1,200 detained in India amid ban on citizenship law protests


NEW DELHI – Police detained more than 1,200 protesters in some of India's biggest cities Thursday after they defied bans on assembly that authorities imposed to stop widespread demonstrations against a new citizenship law that opponents say threatens the country's secular democracy.

At least three people were reported killed as protests raged around the country despite the bans as opposition increased to the law, which excludes Muslims. The legislation has sparked anger at what many see as the government's push to bring India closer to a Hindu state.

Authorities erected road blocks and disrupted internet and phone services, including in parts of New Delhi, and tightened restrictions on protesters in the northeastern border state of Assam, where the protests began last week.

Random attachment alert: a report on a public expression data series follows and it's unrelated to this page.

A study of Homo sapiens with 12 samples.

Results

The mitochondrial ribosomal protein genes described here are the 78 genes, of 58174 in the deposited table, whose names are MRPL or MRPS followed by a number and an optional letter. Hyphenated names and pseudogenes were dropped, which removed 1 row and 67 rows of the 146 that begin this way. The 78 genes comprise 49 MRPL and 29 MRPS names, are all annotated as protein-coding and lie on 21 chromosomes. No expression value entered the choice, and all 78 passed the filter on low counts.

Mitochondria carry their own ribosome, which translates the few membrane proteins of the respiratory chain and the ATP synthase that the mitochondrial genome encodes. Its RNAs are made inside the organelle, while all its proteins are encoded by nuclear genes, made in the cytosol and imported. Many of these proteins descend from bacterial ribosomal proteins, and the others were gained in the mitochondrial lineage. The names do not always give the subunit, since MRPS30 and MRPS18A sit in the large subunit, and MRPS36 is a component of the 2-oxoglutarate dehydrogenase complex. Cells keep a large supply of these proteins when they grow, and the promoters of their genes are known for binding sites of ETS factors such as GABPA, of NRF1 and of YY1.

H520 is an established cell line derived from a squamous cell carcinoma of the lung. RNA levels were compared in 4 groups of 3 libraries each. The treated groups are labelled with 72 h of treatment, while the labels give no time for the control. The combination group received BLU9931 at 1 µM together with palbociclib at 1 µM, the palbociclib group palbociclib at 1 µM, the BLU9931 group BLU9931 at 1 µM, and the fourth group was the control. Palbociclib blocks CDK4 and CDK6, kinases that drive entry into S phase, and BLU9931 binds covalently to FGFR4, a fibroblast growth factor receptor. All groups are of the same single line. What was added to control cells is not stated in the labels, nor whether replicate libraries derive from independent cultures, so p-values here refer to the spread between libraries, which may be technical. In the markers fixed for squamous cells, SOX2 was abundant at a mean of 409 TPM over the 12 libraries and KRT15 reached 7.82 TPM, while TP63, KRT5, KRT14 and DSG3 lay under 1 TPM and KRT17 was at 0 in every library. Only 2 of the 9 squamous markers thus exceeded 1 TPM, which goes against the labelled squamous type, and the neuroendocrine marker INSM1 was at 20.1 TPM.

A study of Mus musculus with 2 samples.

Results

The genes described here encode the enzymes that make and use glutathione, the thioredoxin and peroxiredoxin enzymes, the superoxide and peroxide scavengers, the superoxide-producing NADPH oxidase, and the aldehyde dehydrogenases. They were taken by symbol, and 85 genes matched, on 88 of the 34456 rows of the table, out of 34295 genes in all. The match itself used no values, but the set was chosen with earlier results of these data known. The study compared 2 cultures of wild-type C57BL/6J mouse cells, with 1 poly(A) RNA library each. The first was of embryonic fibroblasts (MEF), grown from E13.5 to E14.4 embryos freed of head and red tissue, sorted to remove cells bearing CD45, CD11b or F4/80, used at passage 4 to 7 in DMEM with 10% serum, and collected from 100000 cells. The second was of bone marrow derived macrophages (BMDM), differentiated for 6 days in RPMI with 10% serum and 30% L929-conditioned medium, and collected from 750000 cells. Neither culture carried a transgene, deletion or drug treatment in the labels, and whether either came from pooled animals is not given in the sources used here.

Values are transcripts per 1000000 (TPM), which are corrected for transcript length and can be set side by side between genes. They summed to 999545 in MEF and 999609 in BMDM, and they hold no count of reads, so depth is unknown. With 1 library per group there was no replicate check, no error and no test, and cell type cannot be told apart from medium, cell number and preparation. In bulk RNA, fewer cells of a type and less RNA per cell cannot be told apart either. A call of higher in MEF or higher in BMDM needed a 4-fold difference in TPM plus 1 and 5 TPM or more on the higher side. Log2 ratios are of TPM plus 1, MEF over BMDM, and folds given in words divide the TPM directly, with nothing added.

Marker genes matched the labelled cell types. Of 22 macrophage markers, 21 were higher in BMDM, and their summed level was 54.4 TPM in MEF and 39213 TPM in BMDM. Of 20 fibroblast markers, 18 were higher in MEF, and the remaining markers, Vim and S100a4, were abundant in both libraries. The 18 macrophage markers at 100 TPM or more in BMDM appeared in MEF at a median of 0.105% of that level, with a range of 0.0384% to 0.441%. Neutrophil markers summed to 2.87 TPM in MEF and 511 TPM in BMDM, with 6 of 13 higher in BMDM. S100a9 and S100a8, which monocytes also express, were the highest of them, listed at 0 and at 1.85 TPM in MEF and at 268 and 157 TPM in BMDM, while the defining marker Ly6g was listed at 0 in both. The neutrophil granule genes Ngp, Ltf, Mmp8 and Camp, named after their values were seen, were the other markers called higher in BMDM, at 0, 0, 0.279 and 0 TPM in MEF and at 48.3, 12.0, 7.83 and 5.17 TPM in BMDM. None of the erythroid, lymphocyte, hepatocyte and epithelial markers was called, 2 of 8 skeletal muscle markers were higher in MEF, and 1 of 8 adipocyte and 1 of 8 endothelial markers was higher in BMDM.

A curfew was imposed in parts of Mangalore, a city in southern Karnataka state, after police fired warning shots and used tear gas and batons to disperse a large group of protesters.

At least two people were killed during clashes with police, the Press Trust of India news agency said late Thursday. Details were not immediately available because top police officers could not be reached by phone.

Protesters also clashed with police in parts of Lucknow, the state capital of northern Uttar Pradesh state, where police said one person died from a gunshot fired by someone among the protesters. The protesters torched a bus, hurled rocks at police and damaged some police posts and vehicles, police officer Vikas Dubey said.

The new citizenship law applies to Hindus, Christians and other religious minorities who are in India illegally but can demonstrate religious persecution in Muslim-majority Bangladesh, Pakistan and Afghanistan. It does not apply to Muslims.

Critics say it's the latest effort by Prime Minister Narendra Modi's Hindu nationalist-led government to marginalize India's 200 million Muslims, and a violation of the country's secular constitution.